THE full impact of Viterra's silo closures may not be realised this season, as low yields and weather hold-ups keep deliveries manageable.
One of the major concerns was possible backlogs at the Roseworthy site, following silo closures in nearby regions and downgrading at others.
But Strategic Site Committee chair Josh Krieg said harvest had been "pretty straightforward".
The Roseworthy cropper said harvest only began to "ramp up" last week, but then rain came on Thursday.
"We didn't notice any hold-ups during that peak period because Viterra extended its opening hours until midnight," he said.
"It did the same when there was a total fire ban expected.
"There has also been a lot of money spent on Roseworthy so it can handle big amounts of grain, with extra bunkers and drop-off points. I think Viterra was actually prepared for it to be busier than it has been."
RELATED READING:Harvest to trial new grain receival network
Mr Krieg said there had also been a lack of grain coming in from the east.
"Normally we have a big inflow from the Riverland, but that just hasn't happened this year," he said.
"Not only have they had a poor season, but there has been grain held, bound for trains heading interstate. I don't think there has been the incentives to deliver this way."
Viterra also closed six sites on northern Eyre Peninsula, where growers were already frustrated following the company's announcement that it would no longer be using the local rail network.
But Jared Sampson, Warramboo, said this harvest had been "cruisy".
"The combination of the season and the extra competition meant turnaround times at both the Viterra and T-Ports Lock sites was exceptional," he said.
It was a good year to test both systems, but bumper seasons will return one day and that will be the true test.
"T-Ports has a lot of new gear and it is very efficient, while Viterra had also put the effort in to get their system humming this year.
"It was a good year to test both systems, but bumper seasons will return one day and that will be the true test."
Wudinna silo committee chair Aaron Grocke, who farms at Koongawa, agreed harvest hadn't been "real busy", so impacts had been minimal.
"T-Ports opening its two sites (at Lock and Lucky Bay) would have taken a bit of the pressure off," he said.
"Viterra also put in extra stackers at Lock and Wudinna, which counteracted a fair bit of waiting time.
"But I still think in a big year there will be issues, particularly if Viterra wants to segregate off-spec grain, they won't have the space. They need to build more bunkers and install more stackers."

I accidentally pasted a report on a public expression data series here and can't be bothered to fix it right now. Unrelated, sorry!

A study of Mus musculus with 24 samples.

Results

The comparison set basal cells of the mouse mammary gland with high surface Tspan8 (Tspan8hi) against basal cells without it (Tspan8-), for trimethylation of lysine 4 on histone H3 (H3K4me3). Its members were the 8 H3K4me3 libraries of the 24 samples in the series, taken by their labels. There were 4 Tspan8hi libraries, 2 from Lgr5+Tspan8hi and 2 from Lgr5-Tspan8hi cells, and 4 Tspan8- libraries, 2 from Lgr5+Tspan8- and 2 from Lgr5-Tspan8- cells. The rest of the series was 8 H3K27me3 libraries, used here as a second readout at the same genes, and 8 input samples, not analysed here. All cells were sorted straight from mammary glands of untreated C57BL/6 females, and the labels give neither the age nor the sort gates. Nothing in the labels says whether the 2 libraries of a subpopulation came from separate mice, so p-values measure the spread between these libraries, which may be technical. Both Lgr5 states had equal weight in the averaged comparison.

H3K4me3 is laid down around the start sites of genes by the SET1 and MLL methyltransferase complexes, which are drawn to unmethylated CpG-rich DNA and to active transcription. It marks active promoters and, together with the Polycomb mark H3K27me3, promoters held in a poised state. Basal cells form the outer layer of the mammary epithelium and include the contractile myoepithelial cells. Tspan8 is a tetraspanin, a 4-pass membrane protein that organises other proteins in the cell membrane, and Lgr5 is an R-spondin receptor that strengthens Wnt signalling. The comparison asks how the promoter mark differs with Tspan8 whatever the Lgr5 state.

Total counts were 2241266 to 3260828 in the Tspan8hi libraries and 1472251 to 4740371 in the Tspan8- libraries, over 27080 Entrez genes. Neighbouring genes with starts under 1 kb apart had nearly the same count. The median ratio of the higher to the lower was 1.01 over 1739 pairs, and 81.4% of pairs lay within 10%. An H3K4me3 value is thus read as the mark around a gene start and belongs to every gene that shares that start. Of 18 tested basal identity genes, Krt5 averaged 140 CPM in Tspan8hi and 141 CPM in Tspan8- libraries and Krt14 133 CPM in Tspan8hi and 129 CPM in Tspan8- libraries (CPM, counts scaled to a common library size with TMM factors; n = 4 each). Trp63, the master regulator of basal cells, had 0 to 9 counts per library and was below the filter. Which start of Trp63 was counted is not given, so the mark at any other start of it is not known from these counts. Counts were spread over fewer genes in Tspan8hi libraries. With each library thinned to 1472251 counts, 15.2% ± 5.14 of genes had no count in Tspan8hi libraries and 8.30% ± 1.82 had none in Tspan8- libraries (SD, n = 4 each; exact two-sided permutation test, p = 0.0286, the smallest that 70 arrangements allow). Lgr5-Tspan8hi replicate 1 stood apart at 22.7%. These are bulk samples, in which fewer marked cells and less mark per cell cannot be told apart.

Viterra operations manager Michael Hill said the company plans to invest a further $3.8 million on its Port Lincoln site next year, while continuing to upgrade its drive-over hopper and stacker fleet, sheds and new 40-metre weighbridges.
This adds to the $6m spent at the site this year to "support the transition to road transport and efficiently manage the movement of grain in the region".
T-Ports chief executive officer Kieran Carvill said the company had been pleased with the support it had received from growers and the EP community, particularly in such a challenging season.
"We are keen to continue to receive feedback from growers so we can further streamline our offerings to suit growers' needs," he said.
Viterra has received nearly 2.9m tonnes this harvest.
This past week, most of the grain received was wheat, as the barley and canola harvest was finishing up in some areas.
"Last week, our Bowmans site broke its daily receival record after deliveries surpassed 16,458t and we've seen many of our larger sites across the state receive some large tonnages," Mr Hill said.
"We have matched our opening hours and service levels to growers' needs."
Earlier this year, PIRSA estimated harvest would reach 6.2mt.
WHILE harvest has gone relatively smoothly when it comes to delivering grain to Viterra, the conditions of the local roads only continues to decline, according to Roseworthy graingrower Josh Krieg.
"The state government and councils are allowing more and more big trucks, including road trains, on our local roads, which is a good thing but not without a better maintenance program," he said.
Overall, Mr Krieg said harvest had been "reasonable" considering the lack of growing season rainfall, more frost damage than expected and poor performing lentils, but there had also been some surprising yields, particularly barley.
"We had a percentage make malting, which we didn't expect in a year like this," he said.
"Quality has been fantastic - some of the highest test weight grains we have ever had and protein s have been off the charts."
Mr Krieg said they were about 75 per cent of the way through harvest, with wheat and some beans to go.
We found frost had done more damage than we expected.
Over on the Eyre Peninsula, Koongawa cropper Aaron Grocke said harvest had finished for many in the district - up to a month early for some.
He finished harvesting at their farm earlier this week.
"Yields have been well below average," he said.
"We found frost had done more damage than we expected. The crops looked good with big heads, but some only had 2-3 grains in them.
"Thankfully what we did reap was really good quality, with high protein and low screenings.
"Not bad considering the rain we have had - 177 millimetres for the year, when normally we average 300-350mm."
- Start the day with all the big news in agriculture. Click here to sign up to receive our daily Stock Journal newsletter.